1st Edition

Cavitation and Associated Phenomena

    392 Pages 230 B/W Illustrations
    by CRC Press

    392 Pages 230 B/W Illustrations
    by CRC Press

    Cavitation is a dangerous process which destroys objects in a fluid. Scientific description of this multifaceted phenomenon is based on almost every area of physics, and many interesting effects are connected with cavitation. The most intriguing of them is sonoluminescence – the light emitted from a cavitating fluid.

    This book presents a full-scale description of cavitation: from the basic thermodynamic principles to special phenomena associated with this complex process, from the dynamics of a single gas cavity to the catastrophic macroscopic manifestations, from the domestic observations to the nuances of X-ray spectroscopic research.

    1. Morphology of Cavitation  2. Cavitation in Engineering  3. Pressure: Positive and Negative  4. Hydrodynamics of Cavitation  5. Hydraulic Shocks  6. Acoustic Cavitation  7. Dynamics of a Cavitating Bubble  8. Electrization of Liquids  9. Cavitation and Light Emission 


    All authors are from Thermophysics Department of Moscow Power Engineering Institute.

    Dmitry A. Biryukov is the Assistant Professor. An experimenter. Extensive experience in designing experimental installations in various fields of science and technology. However, he finds experiments with cavitation the most interesting for himself. Experiments with cavitation are special: many nuances must be taken into account in order to obtain the effect and be able to observe it.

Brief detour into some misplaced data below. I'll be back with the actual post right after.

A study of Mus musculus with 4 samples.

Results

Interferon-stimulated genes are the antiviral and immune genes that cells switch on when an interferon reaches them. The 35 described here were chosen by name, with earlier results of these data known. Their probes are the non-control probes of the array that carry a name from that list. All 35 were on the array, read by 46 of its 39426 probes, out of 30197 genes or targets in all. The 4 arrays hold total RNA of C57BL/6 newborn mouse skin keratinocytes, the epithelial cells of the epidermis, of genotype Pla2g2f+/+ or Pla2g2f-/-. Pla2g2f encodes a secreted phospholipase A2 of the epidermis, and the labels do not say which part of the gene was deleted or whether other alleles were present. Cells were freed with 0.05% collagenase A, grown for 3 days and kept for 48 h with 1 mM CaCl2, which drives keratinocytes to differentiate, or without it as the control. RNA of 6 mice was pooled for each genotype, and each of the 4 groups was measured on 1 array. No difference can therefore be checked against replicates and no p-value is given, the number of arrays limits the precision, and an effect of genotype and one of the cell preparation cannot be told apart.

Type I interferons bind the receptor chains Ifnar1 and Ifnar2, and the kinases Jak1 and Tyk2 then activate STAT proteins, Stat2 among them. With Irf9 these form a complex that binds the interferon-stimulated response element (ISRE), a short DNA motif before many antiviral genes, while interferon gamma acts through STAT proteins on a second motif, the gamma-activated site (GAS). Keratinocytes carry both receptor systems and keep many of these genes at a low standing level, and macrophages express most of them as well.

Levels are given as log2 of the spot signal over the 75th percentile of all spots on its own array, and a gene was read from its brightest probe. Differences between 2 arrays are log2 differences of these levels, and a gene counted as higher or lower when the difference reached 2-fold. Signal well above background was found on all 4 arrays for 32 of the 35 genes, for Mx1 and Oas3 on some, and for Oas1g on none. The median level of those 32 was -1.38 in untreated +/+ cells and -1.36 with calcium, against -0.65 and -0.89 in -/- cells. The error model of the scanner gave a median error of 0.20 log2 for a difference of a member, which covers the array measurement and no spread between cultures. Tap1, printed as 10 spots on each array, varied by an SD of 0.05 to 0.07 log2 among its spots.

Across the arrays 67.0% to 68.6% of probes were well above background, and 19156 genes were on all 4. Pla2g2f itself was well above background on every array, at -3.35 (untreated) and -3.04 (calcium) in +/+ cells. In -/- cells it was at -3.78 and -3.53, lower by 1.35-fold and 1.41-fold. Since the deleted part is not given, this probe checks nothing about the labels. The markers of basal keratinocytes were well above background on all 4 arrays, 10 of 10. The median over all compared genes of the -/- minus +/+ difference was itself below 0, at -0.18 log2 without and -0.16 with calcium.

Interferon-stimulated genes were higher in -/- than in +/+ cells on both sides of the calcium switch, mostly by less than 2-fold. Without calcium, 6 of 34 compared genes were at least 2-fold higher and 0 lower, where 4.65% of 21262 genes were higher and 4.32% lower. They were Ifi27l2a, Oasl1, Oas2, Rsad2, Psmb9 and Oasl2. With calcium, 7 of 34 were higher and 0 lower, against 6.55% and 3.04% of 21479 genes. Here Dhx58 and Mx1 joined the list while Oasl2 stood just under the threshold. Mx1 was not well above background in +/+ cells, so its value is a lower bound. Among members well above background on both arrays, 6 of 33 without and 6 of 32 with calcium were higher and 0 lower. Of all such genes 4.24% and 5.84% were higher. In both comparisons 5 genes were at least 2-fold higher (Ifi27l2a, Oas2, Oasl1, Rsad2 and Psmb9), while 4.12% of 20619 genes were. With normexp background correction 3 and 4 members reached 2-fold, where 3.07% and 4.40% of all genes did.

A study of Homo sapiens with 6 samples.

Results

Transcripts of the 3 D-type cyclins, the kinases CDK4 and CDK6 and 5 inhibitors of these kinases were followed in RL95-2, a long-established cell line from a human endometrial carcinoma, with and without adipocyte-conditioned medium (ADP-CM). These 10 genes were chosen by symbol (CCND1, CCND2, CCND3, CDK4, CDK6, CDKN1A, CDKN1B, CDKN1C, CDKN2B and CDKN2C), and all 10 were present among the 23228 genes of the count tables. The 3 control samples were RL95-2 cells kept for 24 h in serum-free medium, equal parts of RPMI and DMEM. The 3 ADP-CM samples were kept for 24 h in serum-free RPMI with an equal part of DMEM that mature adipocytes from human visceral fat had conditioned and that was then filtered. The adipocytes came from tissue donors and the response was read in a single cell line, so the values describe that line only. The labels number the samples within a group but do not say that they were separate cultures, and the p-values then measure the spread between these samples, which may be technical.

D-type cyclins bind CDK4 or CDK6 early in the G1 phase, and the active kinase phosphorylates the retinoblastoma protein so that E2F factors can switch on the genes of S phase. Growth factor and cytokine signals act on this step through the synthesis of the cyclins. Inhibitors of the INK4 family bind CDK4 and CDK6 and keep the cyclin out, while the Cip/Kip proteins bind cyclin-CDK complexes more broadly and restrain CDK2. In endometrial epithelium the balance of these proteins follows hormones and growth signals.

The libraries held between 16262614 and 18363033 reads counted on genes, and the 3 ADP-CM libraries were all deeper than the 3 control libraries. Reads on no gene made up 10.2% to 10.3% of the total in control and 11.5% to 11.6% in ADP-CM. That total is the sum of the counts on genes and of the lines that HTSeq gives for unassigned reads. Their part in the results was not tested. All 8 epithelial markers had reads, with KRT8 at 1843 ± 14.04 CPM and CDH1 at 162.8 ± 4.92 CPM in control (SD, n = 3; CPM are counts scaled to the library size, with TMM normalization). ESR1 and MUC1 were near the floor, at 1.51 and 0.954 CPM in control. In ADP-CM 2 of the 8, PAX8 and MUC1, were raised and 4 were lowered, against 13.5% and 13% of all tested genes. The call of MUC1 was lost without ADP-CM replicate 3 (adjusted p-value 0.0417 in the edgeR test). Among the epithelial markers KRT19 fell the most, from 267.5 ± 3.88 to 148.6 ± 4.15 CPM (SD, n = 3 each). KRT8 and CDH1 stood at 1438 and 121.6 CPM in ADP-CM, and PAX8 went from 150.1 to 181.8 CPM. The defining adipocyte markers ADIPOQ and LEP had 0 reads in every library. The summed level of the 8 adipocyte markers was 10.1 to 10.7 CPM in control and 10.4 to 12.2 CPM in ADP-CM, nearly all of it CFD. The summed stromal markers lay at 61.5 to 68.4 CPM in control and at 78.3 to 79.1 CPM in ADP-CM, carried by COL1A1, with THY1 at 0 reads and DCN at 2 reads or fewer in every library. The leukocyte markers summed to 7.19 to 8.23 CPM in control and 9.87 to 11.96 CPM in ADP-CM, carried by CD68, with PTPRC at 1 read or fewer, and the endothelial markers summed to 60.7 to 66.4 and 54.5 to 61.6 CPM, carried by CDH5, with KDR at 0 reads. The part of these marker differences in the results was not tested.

Denis N. Gerasimov is the Head of the Department. A theorist. For him, cavitation is an excellent example of a multidisciplinary phenomenon: there are no simple unexplained problems left to present day. Considering a natural effect requires extensive knowledge in different areas of physics and mathematics. Many items of Gerasimov’s CV turned out to be useful in the treatment of cavitation: from thermodynamics to plasma physics and nonlinear dynamics.

    Eugeny I. Yurin is the Assistant Professor. A specialist in numerical simulations. His journey to the world of science began from a task of determining the boundary conditions for a collapsing bubble. Months of calculations led to notable results but did not reveal all the mysteries of a simple bubble in water. Cavitation and related processes seem so ordinary and understandable that they can be pictured easily in our mind, but, in fact, they are extremely complex.